I spent five long years studying to be a vet and I'm up against JobBridge ads paying €50 a week

Veterinary Ireland has said it has written to the Department of Social Protection to express their concerns about JobBridge vet positions. Here, one graduate tells her story.

Veterinary Ireland has said this week that it has asked JobBridge to clarify if vet positions should be included in the scheme and has written to the Department of Social Protection to express their concerns.

Here one veterinary graduate writes about her experience. 

ACCORDING TO THE Oxford Dictionary, the word profession is defined as “a paid occupation, especially one that involves prolonged training and a formal qualification”.

I thought I had achieved this when I graduated just over six years ago. My degree was in veterinary medicine. It takes five years to learn everything there is to know about being a vet and a lifetime to consolidate it.

That’s what a profession really is, a life’s work.

Now imagine a world where the newest and brightest members of this profession aren’t cared for. Where all the knowledge they’ve accumulated isn’t nurtured, but neglected. That was my experience when I qualified.

JobBridge advert

The reason for writing this is I recently saw an advert on JobBridge looking for a vet to work in a practice in Donegal for €50 a week. What self-respecting profession would allow new grads to be treated this way? And the worst thing was, I wasn’t even surprised.

shutterstock_248845186 Shutterstock / VGstockstudio Shutterstock / VGstockstudio / VGstockstudio

When I qualified in 2009, the recession had hit, but the word on the street was that vets were hiring. This was the case, but it was incredibly slow and employers, for the most part, were uninterested in new grads.

Five long years in college 

I was keen to put into practice all that I had learned and to start earning some money to pay back those now terrifyingly steep student loans. It had been five long years of pasta and toasted cheese sandwiches.

It should be stated at this point that the life of a new grad is pretty tough. There is zero support. There is no association or group that looks out for them and helps them find a suitable job.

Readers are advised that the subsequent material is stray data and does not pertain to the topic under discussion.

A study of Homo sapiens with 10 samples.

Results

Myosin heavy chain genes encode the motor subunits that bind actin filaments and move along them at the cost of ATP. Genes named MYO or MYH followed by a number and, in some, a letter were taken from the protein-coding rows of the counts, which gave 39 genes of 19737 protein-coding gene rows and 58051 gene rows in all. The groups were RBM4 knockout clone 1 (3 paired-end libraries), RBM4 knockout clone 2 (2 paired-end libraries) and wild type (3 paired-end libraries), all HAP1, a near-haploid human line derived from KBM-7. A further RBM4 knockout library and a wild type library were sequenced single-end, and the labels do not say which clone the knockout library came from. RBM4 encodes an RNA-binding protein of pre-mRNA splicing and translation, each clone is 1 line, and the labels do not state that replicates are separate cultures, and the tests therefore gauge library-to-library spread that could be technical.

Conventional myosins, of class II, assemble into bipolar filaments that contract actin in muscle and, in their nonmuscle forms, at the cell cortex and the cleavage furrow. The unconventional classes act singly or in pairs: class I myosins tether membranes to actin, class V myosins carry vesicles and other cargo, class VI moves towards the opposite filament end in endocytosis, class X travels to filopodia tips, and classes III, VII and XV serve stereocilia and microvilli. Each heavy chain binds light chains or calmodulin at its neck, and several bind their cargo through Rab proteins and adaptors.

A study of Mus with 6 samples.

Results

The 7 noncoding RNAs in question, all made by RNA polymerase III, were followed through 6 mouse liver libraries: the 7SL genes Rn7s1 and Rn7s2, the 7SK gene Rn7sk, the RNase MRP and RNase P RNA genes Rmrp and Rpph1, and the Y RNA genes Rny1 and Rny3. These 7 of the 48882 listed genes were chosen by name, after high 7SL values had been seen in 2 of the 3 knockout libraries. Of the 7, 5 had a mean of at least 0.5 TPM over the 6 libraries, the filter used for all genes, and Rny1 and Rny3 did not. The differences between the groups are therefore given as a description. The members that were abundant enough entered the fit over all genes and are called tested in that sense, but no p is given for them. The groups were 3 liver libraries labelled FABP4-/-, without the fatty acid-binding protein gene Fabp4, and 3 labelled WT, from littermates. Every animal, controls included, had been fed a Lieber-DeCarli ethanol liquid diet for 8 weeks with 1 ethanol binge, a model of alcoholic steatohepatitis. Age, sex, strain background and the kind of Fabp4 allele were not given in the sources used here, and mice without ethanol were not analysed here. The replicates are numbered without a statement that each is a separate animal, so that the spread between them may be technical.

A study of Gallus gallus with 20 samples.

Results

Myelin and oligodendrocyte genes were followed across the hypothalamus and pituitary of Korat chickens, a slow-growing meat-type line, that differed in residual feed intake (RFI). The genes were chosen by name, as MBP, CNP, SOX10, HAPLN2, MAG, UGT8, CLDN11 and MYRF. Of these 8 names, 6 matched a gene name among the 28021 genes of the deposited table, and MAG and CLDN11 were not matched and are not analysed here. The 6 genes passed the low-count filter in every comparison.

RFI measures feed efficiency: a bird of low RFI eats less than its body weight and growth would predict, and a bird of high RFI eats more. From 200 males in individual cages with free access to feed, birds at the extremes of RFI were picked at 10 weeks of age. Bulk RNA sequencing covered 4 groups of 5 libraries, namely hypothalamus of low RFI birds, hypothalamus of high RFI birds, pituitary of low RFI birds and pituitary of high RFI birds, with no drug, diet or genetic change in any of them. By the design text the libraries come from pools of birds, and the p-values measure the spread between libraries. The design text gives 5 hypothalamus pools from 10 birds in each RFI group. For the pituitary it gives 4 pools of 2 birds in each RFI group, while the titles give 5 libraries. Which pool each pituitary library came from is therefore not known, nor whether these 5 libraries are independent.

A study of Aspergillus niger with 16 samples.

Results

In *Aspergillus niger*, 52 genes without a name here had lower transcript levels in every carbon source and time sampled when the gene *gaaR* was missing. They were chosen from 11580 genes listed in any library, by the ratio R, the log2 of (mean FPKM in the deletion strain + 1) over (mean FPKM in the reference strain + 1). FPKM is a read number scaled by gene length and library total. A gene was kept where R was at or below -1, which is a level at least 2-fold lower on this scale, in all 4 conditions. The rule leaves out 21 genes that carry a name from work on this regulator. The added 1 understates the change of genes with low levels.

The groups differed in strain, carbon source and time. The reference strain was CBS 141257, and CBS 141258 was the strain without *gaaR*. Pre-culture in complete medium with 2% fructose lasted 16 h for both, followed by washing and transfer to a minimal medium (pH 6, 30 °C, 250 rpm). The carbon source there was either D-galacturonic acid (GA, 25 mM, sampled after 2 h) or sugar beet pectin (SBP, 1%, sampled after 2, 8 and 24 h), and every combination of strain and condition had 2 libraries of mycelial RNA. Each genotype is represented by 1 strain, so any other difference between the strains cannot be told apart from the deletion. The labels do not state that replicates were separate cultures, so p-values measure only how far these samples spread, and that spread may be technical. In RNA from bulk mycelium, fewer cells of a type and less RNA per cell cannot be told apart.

There are no checks put in place to ensure that a new grad is placed in a mentoring environment. We are literally handed a scroll and left on the side of the Stillorgan dual carriageway to fend for ourselves.

There are internships available, but they are few in number and don’t suit everyone. It is simply a matter of going for interviews and ringing a few older grads to find out if a place is “okay”. The non-vet reading this is probably thinking, grow up, it’s the same for everyone starting out. But what you don’t realise is there are literally no checks in place. A new grad is at the complete mercy of an employer.

shutterstock_286624112 Shutterstock / Andrew Rafalsky Shutterstock / Andrew Rafalsky / Andrew Rafalsky

Remember that a veterinary practice is legally required to provide a 24-hour, seven days a week on call service. So what? Think what that is like for a small practice where the new grad is at the bottom of the food chain. There are rarely any planned out rotas and even if there are, nights and weekends off are generally dictated by the whim of the employer.

Salary uncertainty

I will move onto salary. People reading this may be inclined to say suck it up and think of the money. It must be made clear that in the majority of practices, there is no on-call rate. You are on an annual salary and that includes all out-of-hours work.

Average salary starting out? Anywhere from €16,000 to €25,000. There is no standard of pay. There are of course exceptions, but this was the experience for me and my friends starting out.

I have at times calculated how many hours I have worked a week only to find out that I’ve received less than minimum wage for a career that I slogged away at for five years.

In short, it is quite a daunting task leaving the comfort of the vet college where one is surrounded by peers and mentors, and entering the chaotic world of the on-call vet. The learning curve is a steep one and is made unnecessarily stressful by the fact that most of the major surgeries and emergency situations we have trained for will end up being done without a more experienced vet present.

Instead the new grad will be left with a grumpy farmer staring over their shoulder asking if they know what the hell they’re doing or a receptionist entering the surgery room every five minutes to inform them that there’s a waiting room full of clients and to hurry up. Where is the more experienced vet?

Either too busy with their own workload or too worn out to care. This is the current sorry state of the veterinary profession in Ireland.

The author of this article wishes to remain anonymous.